It's quite common for foreigners who come to Medellín or other Colombian cities to invest in real estate. Typically, the quality and design standards of apartments here don't meet the expectations of North American or European investors. So there are basically two options, buying something genuinely high end (with the corresponding price tag), or redoing your apartment to match your own taste. I went for the latter, which turned out to be a 6-month journey with many lessons learned along the way. In this blog post I want to share five of those things I learned.
1. Custom made is standard
While you might be accustomed to buying furniture from big companies producing in mass, you'll be surprised at how much stuff in Colombia is custom made by local craftsmen. In Germany for example I installed my own IKEA kitchen, because the quality/price ratio is really good and you can still combine it with third-party elements in order to make it look different from the rest. Have a look at Reform to see how a "pimped" IKEA kitchen can look like.
In Colombia, there are a couple of reasons why it makes more sense to have a local carpenter get your furniture done. The nonexistence of big furniture chains, low labour costs combined with skilled craftsmen and the need for non-standard measurements are just some of them.
2. The problem of "gringo prices" is overrated
Foreigners and locals alike will not get tired of warning you about getting ripped off, assuming you'll get a special price tag for everything because of being a foreigner. While you should definitely be aware of this and compare prices, I found it to be harder often times to actually find the kind of product or service I desired, that getting a better price. After all I actually demanded "gringo quality" in most cases. You might have a Colombian friend who tries to convince you that you have overpaid on that faucet or lamp, since he bought his one cheaply in El Centro.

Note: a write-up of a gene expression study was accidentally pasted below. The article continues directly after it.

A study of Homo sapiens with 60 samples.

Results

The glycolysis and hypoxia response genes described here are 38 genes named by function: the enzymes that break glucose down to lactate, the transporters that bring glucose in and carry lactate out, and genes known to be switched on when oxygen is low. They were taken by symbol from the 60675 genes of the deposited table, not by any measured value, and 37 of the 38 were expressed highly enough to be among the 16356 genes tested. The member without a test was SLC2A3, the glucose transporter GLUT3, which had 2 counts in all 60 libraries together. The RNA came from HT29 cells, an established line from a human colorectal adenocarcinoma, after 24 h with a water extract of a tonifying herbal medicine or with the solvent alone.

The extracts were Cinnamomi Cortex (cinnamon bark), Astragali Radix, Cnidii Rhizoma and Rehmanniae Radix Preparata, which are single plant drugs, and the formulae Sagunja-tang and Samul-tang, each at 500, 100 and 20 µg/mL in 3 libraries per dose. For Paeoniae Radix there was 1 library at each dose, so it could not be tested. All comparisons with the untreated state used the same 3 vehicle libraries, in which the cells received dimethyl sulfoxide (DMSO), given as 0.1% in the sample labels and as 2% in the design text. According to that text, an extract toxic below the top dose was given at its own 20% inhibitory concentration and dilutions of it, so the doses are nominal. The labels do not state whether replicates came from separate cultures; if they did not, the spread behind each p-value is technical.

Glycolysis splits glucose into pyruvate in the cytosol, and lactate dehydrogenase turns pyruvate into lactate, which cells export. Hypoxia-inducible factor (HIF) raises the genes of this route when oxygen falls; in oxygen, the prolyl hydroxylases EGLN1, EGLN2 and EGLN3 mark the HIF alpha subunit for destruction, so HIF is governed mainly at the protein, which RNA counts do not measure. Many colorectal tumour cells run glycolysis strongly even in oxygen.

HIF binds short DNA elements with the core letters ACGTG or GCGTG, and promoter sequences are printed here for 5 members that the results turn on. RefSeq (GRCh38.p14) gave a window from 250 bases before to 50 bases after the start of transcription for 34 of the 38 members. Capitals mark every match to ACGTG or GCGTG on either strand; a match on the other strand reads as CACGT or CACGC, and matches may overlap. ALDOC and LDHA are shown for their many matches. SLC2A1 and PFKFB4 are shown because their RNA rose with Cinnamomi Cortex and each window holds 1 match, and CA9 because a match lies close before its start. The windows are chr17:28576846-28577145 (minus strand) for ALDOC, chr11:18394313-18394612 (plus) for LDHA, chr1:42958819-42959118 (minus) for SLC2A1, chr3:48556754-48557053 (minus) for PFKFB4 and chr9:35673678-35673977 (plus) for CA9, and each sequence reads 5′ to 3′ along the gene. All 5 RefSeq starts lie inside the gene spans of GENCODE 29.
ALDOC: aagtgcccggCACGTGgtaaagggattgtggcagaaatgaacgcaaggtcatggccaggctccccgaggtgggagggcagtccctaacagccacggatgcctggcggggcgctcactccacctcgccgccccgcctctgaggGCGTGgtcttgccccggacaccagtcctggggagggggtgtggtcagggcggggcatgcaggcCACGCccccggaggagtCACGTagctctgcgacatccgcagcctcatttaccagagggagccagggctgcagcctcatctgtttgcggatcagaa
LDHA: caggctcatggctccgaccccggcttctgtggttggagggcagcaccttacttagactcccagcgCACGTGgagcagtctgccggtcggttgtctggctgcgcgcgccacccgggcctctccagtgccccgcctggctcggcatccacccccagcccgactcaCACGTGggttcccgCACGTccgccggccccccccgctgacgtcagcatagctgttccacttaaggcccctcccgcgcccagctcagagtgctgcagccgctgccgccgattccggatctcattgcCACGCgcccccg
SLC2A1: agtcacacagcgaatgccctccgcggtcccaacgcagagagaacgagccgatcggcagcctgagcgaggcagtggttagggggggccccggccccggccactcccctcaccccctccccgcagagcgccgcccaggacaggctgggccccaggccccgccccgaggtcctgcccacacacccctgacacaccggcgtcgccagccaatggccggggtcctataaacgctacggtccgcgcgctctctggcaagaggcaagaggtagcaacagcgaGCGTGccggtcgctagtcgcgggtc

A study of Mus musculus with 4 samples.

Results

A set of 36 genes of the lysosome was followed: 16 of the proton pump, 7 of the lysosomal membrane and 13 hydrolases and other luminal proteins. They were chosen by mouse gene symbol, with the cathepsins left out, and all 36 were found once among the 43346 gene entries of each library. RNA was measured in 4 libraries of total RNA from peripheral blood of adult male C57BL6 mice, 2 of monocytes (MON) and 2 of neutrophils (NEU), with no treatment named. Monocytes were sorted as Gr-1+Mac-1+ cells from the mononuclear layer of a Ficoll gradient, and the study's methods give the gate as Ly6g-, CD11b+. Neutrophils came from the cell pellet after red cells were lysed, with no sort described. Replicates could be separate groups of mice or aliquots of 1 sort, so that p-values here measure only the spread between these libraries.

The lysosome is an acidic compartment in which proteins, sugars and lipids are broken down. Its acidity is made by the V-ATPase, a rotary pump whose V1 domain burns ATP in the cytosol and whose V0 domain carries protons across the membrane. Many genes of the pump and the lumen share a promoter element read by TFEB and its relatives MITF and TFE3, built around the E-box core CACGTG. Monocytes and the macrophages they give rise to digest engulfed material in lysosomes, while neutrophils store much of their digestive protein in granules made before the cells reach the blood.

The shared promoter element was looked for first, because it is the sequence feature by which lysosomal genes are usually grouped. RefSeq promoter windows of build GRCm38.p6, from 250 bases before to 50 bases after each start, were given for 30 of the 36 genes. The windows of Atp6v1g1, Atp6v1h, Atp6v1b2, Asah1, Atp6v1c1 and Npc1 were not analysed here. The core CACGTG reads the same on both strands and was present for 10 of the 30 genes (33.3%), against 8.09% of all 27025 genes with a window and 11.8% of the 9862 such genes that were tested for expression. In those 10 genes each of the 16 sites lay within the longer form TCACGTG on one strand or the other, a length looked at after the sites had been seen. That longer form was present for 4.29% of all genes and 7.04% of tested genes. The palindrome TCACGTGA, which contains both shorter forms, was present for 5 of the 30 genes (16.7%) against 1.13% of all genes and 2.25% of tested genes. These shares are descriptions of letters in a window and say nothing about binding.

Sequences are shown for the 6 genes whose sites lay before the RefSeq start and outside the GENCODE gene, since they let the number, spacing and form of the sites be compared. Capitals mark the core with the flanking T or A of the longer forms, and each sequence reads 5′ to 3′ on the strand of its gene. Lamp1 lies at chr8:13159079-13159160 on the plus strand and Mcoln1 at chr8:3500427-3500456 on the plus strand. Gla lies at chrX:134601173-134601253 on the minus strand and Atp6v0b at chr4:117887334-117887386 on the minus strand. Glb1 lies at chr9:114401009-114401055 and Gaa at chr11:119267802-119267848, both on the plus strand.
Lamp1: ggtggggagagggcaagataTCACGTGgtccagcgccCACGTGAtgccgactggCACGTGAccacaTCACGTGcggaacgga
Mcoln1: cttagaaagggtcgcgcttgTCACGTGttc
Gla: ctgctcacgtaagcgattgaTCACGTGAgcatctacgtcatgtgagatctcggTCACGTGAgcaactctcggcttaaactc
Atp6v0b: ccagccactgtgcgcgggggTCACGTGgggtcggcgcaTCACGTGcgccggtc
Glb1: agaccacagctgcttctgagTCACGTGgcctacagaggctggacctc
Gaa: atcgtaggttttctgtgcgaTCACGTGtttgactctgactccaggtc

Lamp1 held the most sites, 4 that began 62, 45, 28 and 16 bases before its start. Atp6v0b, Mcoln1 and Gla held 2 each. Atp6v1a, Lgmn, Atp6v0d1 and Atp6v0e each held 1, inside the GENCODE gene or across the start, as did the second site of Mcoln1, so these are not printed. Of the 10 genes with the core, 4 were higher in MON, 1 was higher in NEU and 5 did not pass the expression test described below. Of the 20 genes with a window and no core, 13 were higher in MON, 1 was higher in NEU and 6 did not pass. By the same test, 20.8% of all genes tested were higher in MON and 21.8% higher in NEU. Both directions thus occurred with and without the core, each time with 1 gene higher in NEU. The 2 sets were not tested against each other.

Well, I will just say "You get what you pay for".
3. Don't do it on your own
Unless you've been in the country a considerable amount of time, have local contacts and really know what you're doing, I would strongly recommend to work with a local architect or designer to help you with planning, designing and executing the remodelling. It's a widespread idea to skip on the architect to save money. In Colombia (and more so as a foreigner in the country), it's hard enough to get your project done the way you want even with professional help.
4. Colombians don't value your (and their) time
It seems to be a part of the culture, reinforced by low income levels, that Colombians don't really value time as much as the average westerner does. People will wait hours in line to do a bank transfer, get that 4K smart TV on promotion at Falabella or get into the sushi restaurant when there's 2 for 1.
So when your electrician says he will do the wiring at 9am on Wednesday, don't get your hopes too high that he will be there on time. Actually it's not uncommon that he will not show up at all, because he has a problem with his moto, his primito is in the hospital or whatever the excuse might be.
5. Everything imported will be more expensive that in your home country
It's a mistake to assume everything is cheaper in Colombia just because the salaries are lower. Imported materials and products are usually more expensive here the same way iPhones are. Think about it, the products have to be purchased abroad in relatively small quantities, be shipped, plus there are taxes and duties to be paid to get them into Colombia. Many international brands don't have dealerships or official distributors in Colombia, which can make it even harder to come by an item you want.
So keep that in mind when you are thinking about getting a fancy sound system or a European kitchen appliance for your place.
Have you made experiences remodelling your place in Colombia? Let me know in the comments or send me an email.